Brow Beat

2001 Is Still Teaching Us How to Pay Attention to Movies

Your mind need not be going.

Keir Dullea in 2001: A Space Odyssey.
Keir Dullea in 2001: A Space Odyssey.
Metro-Goldwyn-Mayer

It always feels like a cop-out when people sidle up to you as you’re discussing any overtly creative work of art and intone, “Well, people don’t have the attention span for that kind of thing nowadays, do they?”

The thinking is that anything that requires sustained concentration couldn’t possibly hold the collective focus of a group, which is in part why I’m fascinated when I watch Stanley Kubrick’s 2001: A Space Odyssey, which is commemorating its 50th anniversary at a time when we most need to be reminded of its potency.

Under the aegis of Christopher Nolan, a new “unrestored” 70 mm version of 2001 has been making the rounds this summer, and Warner Brothers is putting out a Blu-ray version in the fall that will likely stand as definitive, so now is the time for this movie to teach us a lesson all over again.

According to Michael Benson’s Space Odyssey, which was published in April, Kubrick told a friend he wanted 2001 to be “the first science-fiction film which isn’t considered trash,” which was why Kubrick roped Clarke into working on the screenplay, which then led to Clarke composing a novel so he’d have something to base the script on. (Pauline Kael ended up dismissing the movie as “trash masquerading as art” all the same.) Kubrick’s disdain for sci-fi’s history wasn’t entirely fair, but even its best exemplars came cloaked in the robes of the genre: atomic bugs munching their way through civilization, pissed-off aliens deciding to get the jump on Earth folk before the latter took to space and screwed up a lot of stuff for a lot of races unlike our own. 2001, though, was the thinking person’s sci-fi film.

The opening “Dawn of Man” sequence, which has us looking in on our evolutionary antecedents, signals that this is not a movie that is going to be rending its garments to beg your involvement; where modern films pile up the histrionics of CGI, volume, jackhammer cuts, and breakneck pacing, 2001 unfurls at its own speed. The apes have this added-on human element, as if they’re more than apes but not quite us. They eye each other suspiciously, or they beat their fellows, then beat them some more when captivated by the odd sound sticks make on skulls. Even though this is Earth, everything is so fraught with the unknown that that theme of having to know is immediately ingratiated in us as we watch.

That’s one of the keys of keeping an audience on your side: Make people need to know why something is happening. This is the same compulsion, the same curiosity that always engages us as humans, in those moments of our daily life that stand out a touch from the others, or even in the petty drama at work. That makes the transition, via that bone hurled by an ape skyward, to the meat of this film—the outer-space bit, of course—entirely natural, when it easily could have been incongruous. By the time that hurled bone is match cut with a space station, we are all but zipped up in our spacesuits and buckled in—and not a word has yet been said. That opening space sequence functions as supernal ballet, with various vessels spinning, rotating along unfamiliar axes, pirouetting in a post-atmospheric dance of grace against a backdrop of penumbras. You can’t look away, even if you’re the sort of person who normally can’t go longer than seven seconds without glancing at your phone.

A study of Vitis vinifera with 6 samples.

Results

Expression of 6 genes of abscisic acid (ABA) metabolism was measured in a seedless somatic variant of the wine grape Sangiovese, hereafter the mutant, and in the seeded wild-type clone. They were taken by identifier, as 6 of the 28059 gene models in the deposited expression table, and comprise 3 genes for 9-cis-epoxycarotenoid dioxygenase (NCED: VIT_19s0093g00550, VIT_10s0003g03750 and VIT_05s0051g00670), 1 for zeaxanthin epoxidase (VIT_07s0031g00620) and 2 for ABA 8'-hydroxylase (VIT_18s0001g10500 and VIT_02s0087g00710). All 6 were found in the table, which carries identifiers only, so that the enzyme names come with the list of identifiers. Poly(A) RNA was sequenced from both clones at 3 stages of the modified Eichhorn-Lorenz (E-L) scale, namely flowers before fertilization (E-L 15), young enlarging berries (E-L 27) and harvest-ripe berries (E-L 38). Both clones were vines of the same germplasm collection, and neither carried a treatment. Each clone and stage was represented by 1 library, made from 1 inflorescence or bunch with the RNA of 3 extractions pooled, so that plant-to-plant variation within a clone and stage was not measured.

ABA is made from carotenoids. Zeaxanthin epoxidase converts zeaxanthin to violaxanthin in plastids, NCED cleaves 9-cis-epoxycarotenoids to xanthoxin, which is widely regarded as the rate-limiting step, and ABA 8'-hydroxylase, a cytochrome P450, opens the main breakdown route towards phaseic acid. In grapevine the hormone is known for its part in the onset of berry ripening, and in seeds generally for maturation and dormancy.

Let’s be frank: The space sets for 2001 have never been bettered. This was the “used universe” before George Lucas came along, and Kubrick and Co. must have worked their asses off to make this space station, where Keir Dullea’s David Bowman will be pitted against a rogue HAL 9000 computer—HAL, simply, to every fan of this film ever since—as believable, as visually relatable as your apartment that needs cleaning. It’s another way for us to become and feel immersed in this creator’s world. Everything is a touch off. The astronauts aren’t British, but they also don’t sound convincingly American, due to the pacing of their words, a certain trans-Atlanticness. Then there is HAL’s voice, performed by Douglas Rain; he coos, like a parent to a protesting child, singsong tones hypnotizing the viewer so that your very brain waves seem to take on HAL-like contours, that cadence lodging in your head.

Fifty years later, are we all morphing into human versions of HAL? It’s tempting to say yes, save that actual HAL has an uncurbed individuality. We admire HAL, to a degree, in 2001, even as we don’t want him to win—he’s a murderous baddie, after all—because of a certain wish fulfillment. He fights in ways we often do not, and if a computer can have courage, HAL certainly does, and that gives him a kind of nobility even in defeat. The free-beat poetry of HAL’s apparent last words, when Dave defeats his adversary by slowly shutting down HAL’s “brain” functions, is nearly tear-inducing:

My mind is going.

There is no question about it.

I can feel it.

I’m afraid.

It’s also jarring, because it encapsulates what so many of us feel right now, in our echo chambers of compromised minds, self-enabling propensities, and fear—so much rampant, warring fear. At least we don’t struggle to be engrossed by 2001: A Space Odyssey. Perhaps our minds aren’t going, or at least not as fast as we might think; we just need a work of art that makes us feel duty-bound to it, as it is to us.